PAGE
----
Cameron: London can be a world capital for Islamic finance
London is not content with its status as the leading capital of Islamic finance in the West and wants to compete with powerhouses in the Muslim world, British Prime Minister David Cameron declared at the World Islamic Economic Forum (WIEF) Tuesday in London, where he announced the launch of a new British Islamic Market Index and the first ever Islamic bond, or sukuk, issued by a non-Muslim country.
Calling London "the biggest center for Islamic finance outside the Islamic world," Cameron said Tuesday that the U.K.'s ambition is to boost its reputation among Islamic investors with these forays into Islamic finance, unprecedented for a non-Muslim country like Britain.
"I want London to stand alongside Dubai and Kuala Lumpur as one of the great capitals of Islamic finance anywhere in the world," he told an audience of international political and business leaders — including King Abdullah of Jordan, Afghan President Hamid Karzai and Pakistani Prime Minister Nawaz Sharif — gathered in London for the first ever WIEF summit held outside the Muslim world.
Though still a fraction of the global investment market, Islamic investments, which mandate stringent rules in accordance with Islamic law, are projected to constitute $2 trillion by 2014, a 150 percent increase from their 2006 value, according to consultancy Ernst & Young.
Malaysia's capital, Kuala Lumpur, has long been considered the stalwart of Islamic finance but London counts among a rising number of cities vying to overtake it.
London is the European headquarters for several major Middle East banks and a base of operations for the continent's Middle Eastern investors, whose assets include London's iconic Harrod's department store and the Manchester City soccer team. Islamic investment has financed London's Shard skyscraper — the tallest building in the European Union — and the 2012 Olympic Village.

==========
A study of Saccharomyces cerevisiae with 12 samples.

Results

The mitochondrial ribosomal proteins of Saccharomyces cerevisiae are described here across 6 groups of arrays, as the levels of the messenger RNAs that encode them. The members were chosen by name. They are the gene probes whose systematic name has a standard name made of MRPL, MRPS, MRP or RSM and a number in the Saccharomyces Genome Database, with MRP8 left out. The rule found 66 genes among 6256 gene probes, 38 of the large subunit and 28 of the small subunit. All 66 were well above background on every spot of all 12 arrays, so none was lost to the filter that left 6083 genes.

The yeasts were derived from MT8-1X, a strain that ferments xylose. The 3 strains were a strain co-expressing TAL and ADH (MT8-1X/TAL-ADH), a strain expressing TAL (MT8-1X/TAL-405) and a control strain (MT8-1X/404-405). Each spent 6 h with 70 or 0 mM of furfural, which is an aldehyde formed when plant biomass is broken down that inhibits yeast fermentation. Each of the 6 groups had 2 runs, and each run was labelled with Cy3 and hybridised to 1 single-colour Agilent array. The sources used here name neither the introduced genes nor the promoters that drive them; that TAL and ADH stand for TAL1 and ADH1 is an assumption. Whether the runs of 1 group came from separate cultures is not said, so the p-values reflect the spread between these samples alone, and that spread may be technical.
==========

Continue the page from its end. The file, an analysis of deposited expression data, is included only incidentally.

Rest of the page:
The British government has encouraged a diverse range of capital, especially from China and the Middle East, to diversify Britain's investment landscape. Cameron has said that Islamic finance is expanding at a 50 percent faster rate than conventional banking, and analysts say these latest steps are designed to spur Islamic finance even further.
Jamie Durham, a partner in International Capital Markets at the law firm Allen and Overy in London, said the steps Cameron announced on Tuesday were a long time in the making.
"Britain has been looking to do this for some time now to showcase its Islamic finance industry," Durham told Al Jazeera. "I would see these moves as a symbolic way of highlighting the quantitative steps the U.K. has taken to support Islamic finance in the U.K. more generally."
The burgeoning field of Islamic finance has largely been fueled by Gulf investors who hope to tap into oil revenue, much of which is controlled by pious Muslims. Growing demand across the globe for retail Islamic banking services has similarly propelled Islamic investment.
In keeping with Islamic law, or Sharia, Islamic finance forbids charging interest and requires that deals be based on tangible assets. Gambling is prohibited by Islam, and so dealing in futures, which Islamic scholars say is akin to speculation, is not permitted.
Unlike conventional bonds, sukuk are described as investments rather than loans, with the initial payment made from an Islamic investor in the form of a tangible asset such as land. The lender of a sukuk earns money as profit from rent, in the case of real estate, rather than traditional interest.
Britain's $200 million sukuk is one-fifth the size first announced five years ago but is nonetheless expected to boost London's reputation as a center of Islamic finance — if not draw new investors into the market. Though Britain has established itself as a minor sukuk marketplace, bonds have rarely been issued from local firms — and never from the government.
"For years people have been talking about creating an Islamic bond, or sukuk, outside the Islamic world. But it's never quite happened," Cameron said on Tuesday. "Changing that is a question of pragmatism and political will. And here in Britain we've got both."
The investment-grade sukuk has been welcomed by local lenders who could use it as a liquidity instrument, said Richard Williams, finance director at Bank of London and the Middle East, the U.K.'s largest standalone Islamic bank.
"This challenge will now be resolved and is one of the final measures in creating a truly level playing field for the U.K. Islamic banks," Williams told Reuters on Tuesday.
Cameron also announced at the Forum that the London Stock Exchange will launch an Islamic index that filters companies by their adherence to Islamic principles, much in the same way that social responsibility indices classify companies to guide potential investors.
The prime minister cited mutual benefits for Islamic investors and Britain in launching these two initiatives, framing them as consistent with Britain's historical commitment to free trade.
"Investing in London is good for you, and opening London up to your investment is good for us," he told the Forum.